Kinsella

Photo proof Ford crack video long gone

Warren Kinsella

By Warren Kinsella, Special to QMI Agency

Prime Minister Stephen Harper (left) joined Mayor Rob Ford on Sunday to announce funding for the Scarborough subway. (MICHAEL PEAKE, Toronto Sun)

Prime Minister Stephen Harper (left) joined Mayor Rob Ford on Sunday to announce funding for the Scarborough subway. (MICHAEL PEAKE, Toronto Sun)

It’s a bit of Kremlinology admittedly, and therefore an inexact science. But that photo of Prime Minister Stephen Harper and Toronto Mayor Rob Ford? It’s a shocker.

To some of us, it was astonishing. Not because they have differing ideologies, of course. Both men are hardcore Conservatives. Not because there is a personal animus between the pair. Harper has previously attended Ford family barbecues to sing the mayor’s praises — and the mayor, for his part, hero-worships Harper.

Not because Harper was in Toronto to pledge dollars for Ford’s much-trumpeted subway extension to East Toronto. Harper has long enabled Ford’s subway fixation.

Not because Ford looks — as always — like a man out of place and time, flushed and staring off into space while Harper spoke.

No, the Harper-Ford photo was surprising because it happened at all.

Toronto’s mayor, as the entire planet knows by now, has been in a spot of trouble for the past few months. A Toronto newspaper and a U.S. website alleged, as fact, that they had seen a video of Ford smoking crack cocaine.

Lots of things happened after that shocker, but one thing — tellingly — didn’t happen: Ford suing the news organizations in question.

Falsely alleging a crime is the most serious form of libel. But Ford didn’t sue.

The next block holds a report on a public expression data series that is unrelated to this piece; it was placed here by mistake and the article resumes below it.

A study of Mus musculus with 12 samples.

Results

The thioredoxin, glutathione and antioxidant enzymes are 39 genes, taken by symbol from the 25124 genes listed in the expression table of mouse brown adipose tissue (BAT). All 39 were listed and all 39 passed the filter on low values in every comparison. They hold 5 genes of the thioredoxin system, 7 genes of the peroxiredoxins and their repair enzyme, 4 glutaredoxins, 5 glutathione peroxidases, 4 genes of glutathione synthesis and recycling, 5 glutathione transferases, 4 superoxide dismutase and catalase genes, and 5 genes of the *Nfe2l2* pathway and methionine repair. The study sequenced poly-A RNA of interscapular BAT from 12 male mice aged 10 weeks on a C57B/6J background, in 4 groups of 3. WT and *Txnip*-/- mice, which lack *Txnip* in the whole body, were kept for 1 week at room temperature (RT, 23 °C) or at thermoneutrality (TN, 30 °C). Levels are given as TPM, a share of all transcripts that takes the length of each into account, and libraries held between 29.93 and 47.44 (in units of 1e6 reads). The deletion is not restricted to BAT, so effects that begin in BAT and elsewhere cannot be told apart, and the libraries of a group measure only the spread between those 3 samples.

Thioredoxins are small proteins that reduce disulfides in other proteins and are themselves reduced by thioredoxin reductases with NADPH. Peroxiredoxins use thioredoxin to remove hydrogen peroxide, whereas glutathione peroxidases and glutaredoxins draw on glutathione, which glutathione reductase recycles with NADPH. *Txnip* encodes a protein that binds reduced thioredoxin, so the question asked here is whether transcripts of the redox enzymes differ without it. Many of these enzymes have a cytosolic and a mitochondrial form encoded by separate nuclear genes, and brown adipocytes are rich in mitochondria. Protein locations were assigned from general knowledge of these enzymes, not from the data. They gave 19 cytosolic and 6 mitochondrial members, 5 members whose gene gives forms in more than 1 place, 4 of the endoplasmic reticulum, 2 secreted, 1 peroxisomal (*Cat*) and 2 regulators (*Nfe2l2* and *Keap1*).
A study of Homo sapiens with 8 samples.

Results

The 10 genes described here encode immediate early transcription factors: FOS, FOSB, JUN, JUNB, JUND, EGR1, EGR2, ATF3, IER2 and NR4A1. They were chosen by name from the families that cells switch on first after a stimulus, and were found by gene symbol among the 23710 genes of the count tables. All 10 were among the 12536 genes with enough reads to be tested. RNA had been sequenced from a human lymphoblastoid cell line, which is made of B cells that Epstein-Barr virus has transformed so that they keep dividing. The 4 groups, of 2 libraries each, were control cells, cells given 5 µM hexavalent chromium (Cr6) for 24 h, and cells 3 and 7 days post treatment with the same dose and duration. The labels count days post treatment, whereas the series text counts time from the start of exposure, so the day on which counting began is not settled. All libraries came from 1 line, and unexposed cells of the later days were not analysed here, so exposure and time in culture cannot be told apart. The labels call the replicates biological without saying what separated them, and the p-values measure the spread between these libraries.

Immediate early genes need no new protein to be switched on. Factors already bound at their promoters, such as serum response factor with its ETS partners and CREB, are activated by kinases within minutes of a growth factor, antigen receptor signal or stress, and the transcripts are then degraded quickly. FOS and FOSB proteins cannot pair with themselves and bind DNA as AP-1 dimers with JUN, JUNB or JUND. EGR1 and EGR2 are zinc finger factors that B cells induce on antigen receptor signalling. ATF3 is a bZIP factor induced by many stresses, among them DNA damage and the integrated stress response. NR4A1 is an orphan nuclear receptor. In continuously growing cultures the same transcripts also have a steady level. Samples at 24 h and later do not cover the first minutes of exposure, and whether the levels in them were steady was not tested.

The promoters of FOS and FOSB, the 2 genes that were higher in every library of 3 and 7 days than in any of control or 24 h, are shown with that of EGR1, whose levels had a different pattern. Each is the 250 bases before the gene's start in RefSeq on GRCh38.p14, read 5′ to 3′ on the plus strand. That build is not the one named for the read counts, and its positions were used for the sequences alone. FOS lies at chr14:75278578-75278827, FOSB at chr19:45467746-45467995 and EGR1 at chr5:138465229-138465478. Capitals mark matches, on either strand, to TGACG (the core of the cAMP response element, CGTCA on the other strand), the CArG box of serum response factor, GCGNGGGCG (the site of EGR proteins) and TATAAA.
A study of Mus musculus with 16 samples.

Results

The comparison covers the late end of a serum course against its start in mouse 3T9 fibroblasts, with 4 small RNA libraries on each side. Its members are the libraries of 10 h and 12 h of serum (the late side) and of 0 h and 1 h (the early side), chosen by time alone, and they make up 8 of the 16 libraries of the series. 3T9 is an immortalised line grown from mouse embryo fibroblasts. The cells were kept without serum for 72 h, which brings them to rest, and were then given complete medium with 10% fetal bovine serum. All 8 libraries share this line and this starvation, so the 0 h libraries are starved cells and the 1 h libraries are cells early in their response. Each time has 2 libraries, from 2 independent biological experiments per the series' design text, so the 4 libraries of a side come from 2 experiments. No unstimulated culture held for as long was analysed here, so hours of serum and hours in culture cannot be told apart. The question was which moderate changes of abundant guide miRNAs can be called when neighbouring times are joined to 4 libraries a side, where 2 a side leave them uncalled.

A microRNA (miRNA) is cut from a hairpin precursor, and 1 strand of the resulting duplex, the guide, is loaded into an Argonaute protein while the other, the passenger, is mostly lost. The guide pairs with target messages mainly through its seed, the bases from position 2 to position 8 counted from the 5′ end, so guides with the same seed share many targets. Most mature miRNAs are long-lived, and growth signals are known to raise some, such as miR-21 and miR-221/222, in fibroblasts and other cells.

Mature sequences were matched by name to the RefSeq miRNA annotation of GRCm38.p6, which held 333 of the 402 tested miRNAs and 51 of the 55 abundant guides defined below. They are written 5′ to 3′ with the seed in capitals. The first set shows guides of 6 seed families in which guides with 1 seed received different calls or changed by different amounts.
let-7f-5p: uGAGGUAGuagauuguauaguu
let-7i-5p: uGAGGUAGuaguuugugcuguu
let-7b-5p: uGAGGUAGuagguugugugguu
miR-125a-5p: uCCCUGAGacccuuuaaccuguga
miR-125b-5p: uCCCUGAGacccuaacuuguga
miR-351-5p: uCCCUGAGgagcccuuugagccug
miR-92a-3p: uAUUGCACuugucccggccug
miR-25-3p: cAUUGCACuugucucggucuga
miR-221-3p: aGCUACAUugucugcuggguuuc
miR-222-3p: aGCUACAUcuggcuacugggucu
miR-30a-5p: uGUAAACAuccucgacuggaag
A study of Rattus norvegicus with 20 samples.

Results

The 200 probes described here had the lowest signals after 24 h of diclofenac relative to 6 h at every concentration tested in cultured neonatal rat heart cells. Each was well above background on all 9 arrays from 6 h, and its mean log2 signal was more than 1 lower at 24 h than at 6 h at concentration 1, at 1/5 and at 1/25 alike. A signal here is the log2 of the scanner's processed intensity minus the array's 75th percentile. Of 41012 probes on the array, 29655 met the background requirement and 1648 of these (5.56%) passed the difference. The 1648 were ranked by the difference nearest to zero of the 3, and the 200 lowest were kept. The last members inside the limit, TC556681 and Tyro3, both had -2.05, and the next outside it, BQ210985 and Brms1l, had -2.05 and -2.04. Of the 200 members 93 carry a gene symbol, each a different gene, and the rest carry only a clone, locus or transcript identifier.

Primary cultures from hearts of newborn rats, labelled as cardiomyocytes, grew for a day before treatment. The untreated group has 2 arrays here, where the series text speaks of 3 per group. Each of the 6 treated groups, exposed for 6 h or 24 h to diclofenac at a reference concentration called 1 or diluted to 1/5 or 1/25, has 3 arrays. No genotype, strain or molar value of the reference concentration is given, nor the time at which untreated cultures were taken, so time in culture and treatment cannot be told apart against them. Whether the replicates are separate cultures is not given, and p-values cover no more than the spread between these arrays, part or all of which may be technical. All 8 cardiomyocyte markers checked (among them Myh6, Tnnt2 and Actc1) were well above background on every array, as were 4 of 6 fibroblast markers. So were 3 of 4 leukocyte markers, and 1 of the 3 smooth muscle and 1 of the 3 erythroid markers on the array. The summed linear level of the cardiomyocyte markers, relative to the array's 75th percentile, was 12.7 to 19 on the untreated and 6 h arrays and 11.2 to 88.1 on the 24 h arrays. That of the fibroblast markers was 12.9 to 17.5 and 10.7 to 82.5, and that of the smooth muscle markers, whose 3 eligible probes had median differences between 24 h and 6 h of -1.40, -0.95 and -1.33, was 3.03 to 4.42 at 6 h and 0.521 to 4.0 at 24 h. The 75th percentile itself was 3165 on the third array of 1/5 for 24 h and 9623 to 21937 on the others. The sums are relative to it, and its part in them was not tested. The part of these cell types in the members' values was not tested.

If he’d done so and won, he’d capture one of the biggest libel judgments in Canadian history. But he didn’t.

That fact, alone among many facts in the sad Rob Ford saga, said plenty.

It suggested the allegations about a crack video would remain, dogging Ford at every turn. Politicians — even fellow Conservatives — therefore did all they could to avoid being photographed with Ford.

That all ended with the Harper-Ford get-together.

There is no way on God’s green earth — none — the RCMP, and/or the Canadian law enforcement/intelligence community, would have let Harper get that close to Ford if the latter was facing an imminent criminal charge, or proof of involvement in a serious crime.

The RCMP’s Protective Policing Service is sworn to protect the prime minister in every way.

Under Harper, the Prime Minister Protection Detail has ballooned in size. New weapons, big armoured-plated vehicles and many more gun-toting Mounties are a presidential-style hallmark of the Harper era.

Most significantly, however, its mandate has remained protecting the prime minister “at all times,” in public and private. And, “the RCMP continuously assesses the security requirements, and as a matter of practice makes recommendations to the prime minister with respect to the effective delivery of security measures.”

The RCMP aren’t perfect. They have, in the past, let Harper get too close to some bad apples — most notoriously accused fraudster Arthur Porter and guilty-pleading money launderer, Nathan Jacobson.

But, since the debacle surrounding an assassination attempt on Jean Chretien in 1995, they have done a pretty good job.

So why would the Mounties allow Stephen Harper anywhere near Rob Ford?

Because they have formed the opinion that, lawsuits or not, the infamous crack video is — as its owner later told that same Toronto newspaper and U.S. website — “gone.” Pictures say more than words. The Harper-Ford picture says plenty.

Namely, the video is gone, baby, gone.